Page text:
By Paul Cobb
The Oakland A’s have finally met their match. Councilmember Noel Gallo is courageously bringing forward two significant pieces of legislation to stop the A’s bullying of the City of Oakland.
Gallo convinced his colleagues on the Council to unanimously vote for a public hearing and an independent third-party analysis of the costs, benefits, and risks to the city of funding the A’s privately owned stadium and luxury condo project at Howard Terminal.
He has also introduced legislation to place a measure on the November 2022 ballot to allow residents to vote on whether public money should be spent on the A’s private development.
We salute Noel and encourage the Council to support his efforts.
Oakland faces many critical issues including homelessness, affordable housing, crime, and keeping schools open. City officials need to focus attention on getting those issues under control. Instead, the A’s attempt to bully them into spending over $ billion on their new stadium and luxury housing project.
Let’s peel away the layers of the onion.
The A’s promise union jobs. But the truth is that all the new jobs they promote are construction jobs that could be created at the Coliseum if they built their stadium there. And that would not cost $1 billion because the land is already approved for development and there are fewer infrastructure needs there than at Howard Terminal. Meanwhile, if the A’s build at Howard Terminal they weaken a working port and threaten the loss of hundreds of good-paying existing ILWU union jobs.
The A’s threaten that if they don’t get their way they will leave and eliminate Oakland’s last sports team. Right now, there are fewer fans at A’s games than there are homeless people living on the streets of Oakland. We should worry more about our unhoused, mostly Black residents than 2,000-3,000 baseball fans.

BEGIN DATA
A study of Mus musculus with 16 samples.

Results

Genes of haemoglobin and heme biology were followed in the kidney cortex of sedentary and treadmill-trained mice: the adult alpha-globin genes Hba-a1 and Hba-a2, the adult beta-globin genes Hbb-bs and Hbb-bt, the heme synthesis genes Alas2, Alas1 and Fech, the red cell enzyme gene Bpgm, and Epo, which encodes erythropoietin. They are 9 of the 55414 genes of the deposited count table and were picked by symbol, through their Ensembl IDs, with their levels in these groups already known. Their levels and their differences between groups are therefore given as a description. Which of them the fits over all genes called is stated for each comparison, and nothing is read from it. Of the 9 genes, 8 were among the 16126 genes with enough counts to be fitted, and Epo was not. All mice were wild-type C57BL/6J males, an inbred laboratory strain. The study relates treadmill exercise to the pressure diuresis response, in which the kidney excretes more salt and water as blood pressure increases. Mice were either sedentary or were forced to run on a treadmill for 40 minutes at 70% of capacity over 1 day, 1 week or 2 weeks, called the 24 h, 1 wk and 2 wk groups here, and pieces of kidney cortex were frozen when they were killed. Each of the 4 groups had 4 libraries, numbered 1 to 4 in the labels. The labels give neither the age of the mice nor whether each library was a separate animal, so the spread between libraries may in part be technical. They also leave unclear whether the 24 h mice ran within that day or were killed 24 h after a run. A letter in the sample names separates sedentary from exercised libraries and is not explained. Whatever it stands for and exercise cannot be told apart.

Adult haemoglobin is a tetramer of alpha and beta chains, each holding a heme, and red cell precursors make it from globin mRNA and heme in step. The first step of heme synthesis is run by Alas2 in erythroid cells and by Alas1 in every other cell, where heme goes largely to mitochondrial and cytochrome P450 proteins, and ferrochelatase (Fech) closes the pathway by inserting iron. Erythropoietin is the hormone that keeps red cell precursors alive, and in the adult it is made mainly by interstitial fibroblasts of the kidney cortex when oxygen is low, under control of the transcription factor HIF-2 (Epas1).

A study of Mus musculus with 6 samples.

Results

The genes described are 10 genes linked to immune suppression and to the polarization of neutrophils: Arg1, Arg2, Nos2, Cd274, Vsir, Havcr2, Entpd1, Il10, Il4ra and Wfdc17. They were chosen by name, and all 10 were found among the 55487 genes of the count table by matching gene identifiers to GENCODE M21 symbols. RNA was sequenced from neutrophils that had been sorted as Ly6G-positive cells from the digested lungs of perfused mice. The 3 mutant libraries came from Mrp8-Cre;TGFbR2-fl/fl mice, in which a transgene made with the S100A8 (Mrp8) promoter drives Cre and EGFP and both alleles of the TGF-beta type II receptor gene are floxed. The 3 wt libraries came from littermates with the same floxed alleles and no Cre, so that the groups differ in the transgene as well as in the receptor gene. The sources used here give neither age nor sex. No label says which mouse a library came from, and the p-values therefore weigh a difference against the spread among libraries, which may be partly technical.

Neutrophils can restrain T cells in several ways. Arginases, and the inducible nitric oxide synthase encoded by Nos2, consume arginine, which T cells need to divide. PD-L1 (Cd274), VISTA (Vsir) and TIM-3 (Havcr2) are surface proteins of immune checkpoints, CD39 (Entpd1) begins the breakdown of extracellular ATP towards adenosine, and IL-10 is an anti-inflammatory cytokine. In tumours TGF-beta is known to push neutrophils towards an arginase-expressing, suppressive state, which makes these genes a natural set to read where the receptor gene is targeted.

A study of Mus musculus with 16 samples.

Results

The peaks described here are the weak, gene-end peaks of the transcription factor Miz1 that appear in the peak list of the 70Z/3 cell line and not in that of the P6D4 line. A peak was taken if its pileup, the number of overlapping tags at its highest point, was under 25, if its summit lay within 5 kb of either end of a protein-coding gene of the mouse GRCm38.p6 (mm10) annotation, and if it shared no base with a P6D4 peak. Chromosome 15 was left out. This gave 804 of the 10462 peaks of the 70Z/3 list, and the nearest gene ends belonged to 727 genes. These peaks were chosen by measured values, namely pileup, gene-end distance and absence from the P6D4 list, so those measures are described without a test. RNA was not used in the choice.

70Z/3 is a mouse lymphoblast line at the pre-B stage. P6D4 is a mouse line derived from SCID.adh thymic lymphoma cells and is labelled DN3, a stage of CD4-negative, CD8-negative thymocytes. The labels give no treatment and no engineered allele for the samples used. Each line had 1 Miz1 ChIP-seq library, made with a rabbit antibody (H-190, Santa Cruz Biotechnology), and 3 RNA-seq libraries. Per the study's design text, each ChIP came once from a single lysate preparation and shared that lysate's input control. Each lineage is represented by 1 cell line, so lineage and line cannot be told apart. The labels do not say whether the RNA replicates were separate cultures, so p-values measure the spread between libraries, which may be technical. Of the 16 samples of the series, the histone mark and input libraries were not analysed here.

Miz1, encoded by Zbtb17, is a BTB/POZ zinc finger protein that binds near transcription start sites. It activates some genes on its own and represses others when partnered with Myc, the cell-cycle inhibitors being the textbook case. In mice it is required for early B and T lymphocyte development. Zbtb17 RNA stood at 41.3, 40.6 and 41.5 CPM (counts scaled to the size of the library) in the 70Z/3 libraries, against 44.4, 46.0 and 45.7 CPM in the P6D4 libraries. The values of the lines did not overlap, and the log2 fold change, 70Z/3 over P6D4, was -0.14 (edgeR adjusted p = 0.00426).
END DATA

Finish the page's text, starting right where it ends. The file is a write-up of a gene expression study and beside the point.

The A’s say they are adding 3,000 new housing units to the city that desperately needs housing. But the A’s balk at making more than a paltry 15% of those units affordable. They do not clarify the income levels of affordability. Will unhoused people be included?
Unlike every other developer, the A’s do not contribute community benefits, especially to the East Oakland area where emergency affordable housing is urgently needed.
But rather, in a deceptive and clever ploy, the A’s would have the community pay for their benefits, which unwittingly would hasten the gentrification wave that could increase homelessness. They reneged on past promises and caused people like Margaret Gordon, a strong community advocate, to drop her support for the team.
More galling than everything above, the A’s are negotiating with Las Vegas while they are arrogantly bully Oakland.
Many people believe this is all a sham. The A’s leverage a potential site in Oakland only to get a sweet deal in Vegas. And, ironically they stand to further enrich themselves by just “occupying” the coliseum site and taking advantage of the increased property value of their half-ownership share of the Coliseum.
By questioning the financial capability of the co-owner, the city staff upped the price to sell their half interest to a Black-led group for more than $30,000,000.00 than that for Alameda County, which owns the other 50% of the Coliseum.
Oakland does not need the A’s.
Oakland needs to take care of its own critical issues. The City’s Department of Race and Equity should be at the table with the City Attorney to make sure that the financial interests of Oakland residents are protected and fairly handled.
But even if those issues were not so pressing, City officials must stand firm and not let any developer bully them and disrespect them the way the A’s are disrespecting them.
Thank you, Mr. Gallo, for standing up for Oakland residents and not bending the knee to the A’s.
We urge the Council to support Mr. Gallo by placing the A’s request for public spending before the voters in November. Let the voters guide the decision of whether the City should fund the A’s or take care of our own problems.
We encourage all voters to demand that the Council let the people vote.